Blind Faith in Self Reflection

Blind Faith or narrow minded Reason

Blind Faith or narrow-minded Reason

Have faith or so the saying goes. Isn’t this just Blind Faith? What is faith? Wikipedia defines faith as:

Faith is confidence, obedience, or trust in a person or thing, or a deity, or in the doctrines, or teachings of a religion. It may also be belief that is not based on proof. In religion, faith often involves accepting claims about the character of a deity, nature, or the universe. While some have argued that faith is opposed to reason, proponents of faith argue that the proper domain of faith concerns questions which cannot be settled by evidence. For example, faith can be applied to predictions of the future, which (by definition) has not yet occurred.
The word faith is often used as a substitute for hope, trust or belief.

There’s no proof so have Blind Faith. Faith is believing in what is true. Faith has two elements: 1) being convinced of the truth, being certain of reality, having evidence of unseen things, and 2) believing, hoping in, embracing, seizing the truth of something unseen.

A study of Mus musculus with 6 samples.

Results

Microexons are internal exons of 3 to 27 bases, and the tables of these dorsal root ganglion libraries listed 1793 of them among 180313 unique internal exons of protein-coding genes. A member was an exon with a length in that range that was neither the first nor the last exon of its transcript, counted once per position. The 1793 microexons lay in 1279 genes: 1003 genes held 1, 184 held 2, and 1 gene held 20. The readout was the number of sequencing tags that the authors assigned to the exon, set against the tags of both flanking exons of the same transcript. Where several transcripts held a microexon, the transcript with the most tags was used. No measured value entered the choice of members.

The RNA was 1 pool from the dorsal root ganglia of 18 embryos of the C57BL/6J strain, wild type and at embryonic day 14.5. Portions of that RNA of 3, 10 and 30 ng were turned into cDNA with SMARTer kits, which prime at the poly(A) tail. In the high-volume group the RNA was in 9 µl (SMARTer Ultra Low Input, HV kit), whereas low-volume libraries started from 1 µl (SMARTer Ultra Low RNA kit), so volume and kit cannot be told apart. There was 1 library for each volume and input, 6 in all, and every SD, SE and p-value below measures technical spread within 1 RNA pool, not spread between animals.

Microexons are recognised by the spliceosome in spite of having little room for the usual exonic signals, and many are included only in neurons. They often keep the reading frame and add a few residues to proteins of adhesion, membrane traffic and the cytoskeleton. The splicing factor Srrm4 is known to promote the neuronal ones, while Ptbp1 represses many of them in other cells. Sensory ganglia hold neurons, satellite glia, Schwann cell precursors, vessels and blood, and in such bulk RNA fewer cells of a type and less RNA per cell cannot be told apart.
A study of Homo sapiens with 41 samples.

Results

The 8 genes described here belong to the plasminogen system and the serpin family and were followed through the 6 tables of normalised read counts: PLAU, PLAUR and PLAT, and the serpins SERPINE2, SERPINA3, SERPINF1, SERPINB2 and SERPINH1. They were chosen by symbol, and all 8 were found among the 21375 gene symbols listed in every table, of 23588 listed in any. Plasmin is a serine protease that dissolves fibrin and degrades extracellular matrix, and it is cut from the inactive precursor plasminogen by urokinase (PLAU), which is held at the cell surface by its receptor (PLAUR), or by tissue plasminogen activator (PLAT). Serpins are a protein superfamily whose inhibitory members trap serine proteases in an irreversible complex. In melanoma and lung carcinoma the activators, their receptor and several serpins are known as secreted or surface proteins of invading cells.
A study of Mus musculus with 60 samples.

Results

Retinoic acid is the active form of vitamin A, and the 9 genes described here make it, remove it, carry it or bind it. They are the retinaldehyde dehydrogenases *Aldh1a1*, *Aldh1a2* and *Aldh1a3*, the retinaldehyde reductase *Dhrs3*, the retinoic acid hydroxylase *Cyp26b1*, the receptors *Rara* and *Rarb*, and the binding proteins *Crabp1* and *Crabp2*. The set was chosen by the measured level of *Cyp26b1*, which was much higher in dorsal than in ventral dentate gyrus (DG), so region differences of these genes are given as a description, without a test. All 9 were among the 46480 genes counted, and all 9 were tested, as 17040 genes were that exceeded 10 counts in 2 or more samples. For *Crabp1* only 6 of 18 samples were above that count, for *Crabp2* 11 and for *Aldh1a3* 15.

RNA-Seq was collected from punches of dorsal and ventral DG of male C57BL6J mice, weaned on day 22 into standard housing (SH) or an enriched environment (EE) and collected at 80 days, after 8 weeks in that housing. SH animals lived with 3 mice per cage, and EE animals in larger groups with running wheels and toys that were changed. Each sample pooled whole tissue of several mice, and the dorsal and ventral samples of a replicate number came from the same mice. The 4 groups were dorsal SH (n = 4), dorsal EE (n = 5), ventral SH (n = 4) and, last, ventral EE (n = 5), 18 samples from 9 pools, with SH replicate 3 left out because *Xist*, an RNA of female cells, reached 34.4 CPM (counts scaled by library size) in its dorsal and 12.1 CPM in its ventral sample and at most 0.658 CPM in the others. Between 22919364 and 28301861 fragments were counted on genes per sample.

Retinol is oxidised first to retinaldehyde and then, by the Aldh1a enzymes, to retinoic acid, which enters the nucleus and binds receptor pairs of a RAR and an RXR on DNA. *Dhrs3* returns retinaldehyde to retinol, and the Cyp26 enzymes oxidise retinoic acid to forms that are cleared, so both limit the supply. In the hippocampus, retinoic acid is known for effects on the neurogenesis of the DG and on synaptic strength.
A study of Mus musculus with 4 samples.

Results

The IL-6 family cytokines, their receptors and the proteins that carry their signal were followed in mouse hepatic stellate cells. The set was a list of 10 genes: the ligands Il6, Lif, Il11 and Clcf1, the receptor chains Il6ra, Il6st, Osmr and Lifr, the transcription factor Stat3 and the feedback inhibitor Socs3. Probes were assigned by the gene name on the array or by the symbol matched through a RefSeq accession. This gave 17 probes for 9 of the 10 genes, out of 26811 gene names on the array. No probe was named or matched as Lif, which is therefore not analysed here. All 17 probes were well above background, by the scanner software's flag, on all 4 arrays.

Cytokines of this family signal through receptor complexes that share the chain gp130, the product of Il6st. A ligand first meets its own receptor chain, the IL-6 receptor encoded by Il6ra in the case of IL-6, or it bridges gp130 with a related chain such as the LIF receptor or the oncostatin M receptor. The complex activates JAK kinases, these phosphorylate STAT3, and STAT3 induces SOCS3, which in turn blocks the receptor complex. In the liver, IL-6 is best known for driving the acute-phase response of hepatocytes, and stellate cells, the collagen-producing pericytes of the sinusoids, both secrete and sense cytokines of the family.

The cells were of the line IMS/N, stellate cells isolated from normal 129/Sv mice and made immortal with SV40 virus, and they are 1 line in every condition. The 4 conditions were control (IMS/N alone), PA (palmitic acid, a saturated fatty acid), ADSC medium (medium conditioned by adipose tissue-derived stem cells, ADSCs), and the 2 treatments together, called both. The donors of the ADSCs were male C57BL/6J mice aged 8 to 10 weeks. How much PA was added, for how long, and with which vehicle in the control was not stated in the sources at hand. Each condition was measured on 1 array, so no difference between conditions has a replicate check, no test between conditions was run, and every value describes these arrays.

Yep, just another definition. Another description of something that’s indescribable. As such does Blind Faith really exist? The concept of faith is a broad one, in its most general description “faith” means much the same as “trust”. “Trust” me, we’ll get there. “Trust” me, I’ll take care of you, “Trust” me, you’ll get you money back. Or even “trust” in me, and you will be saved.  However, with the notion of religious faith or, rather, the kind of faith exemplified in religious faith. The philosophical accounts are almost exclusively about theistic religious faith. Blind faith in God, and they generally, although not exclusively, deal with faith as understood within the Christian branch of the Abrahamic traditions. Blind faith in something we have never experienced. Expect in church. Not one of us live today ever walked with Christ the man. Well maybe one, if you have Blind faith. But, although the theistic religious context settles what kind of faith is of interest, the question arises whether faith of that same general kind also belongs to other, non-theistic, religious contexts, or to contexts not usually thought of as religious at all. It may perhaps be apt to speak of the faith of, (for example), a humanist, or even an atheist, using the same general sense of ‘faith’ as applies to the theist case.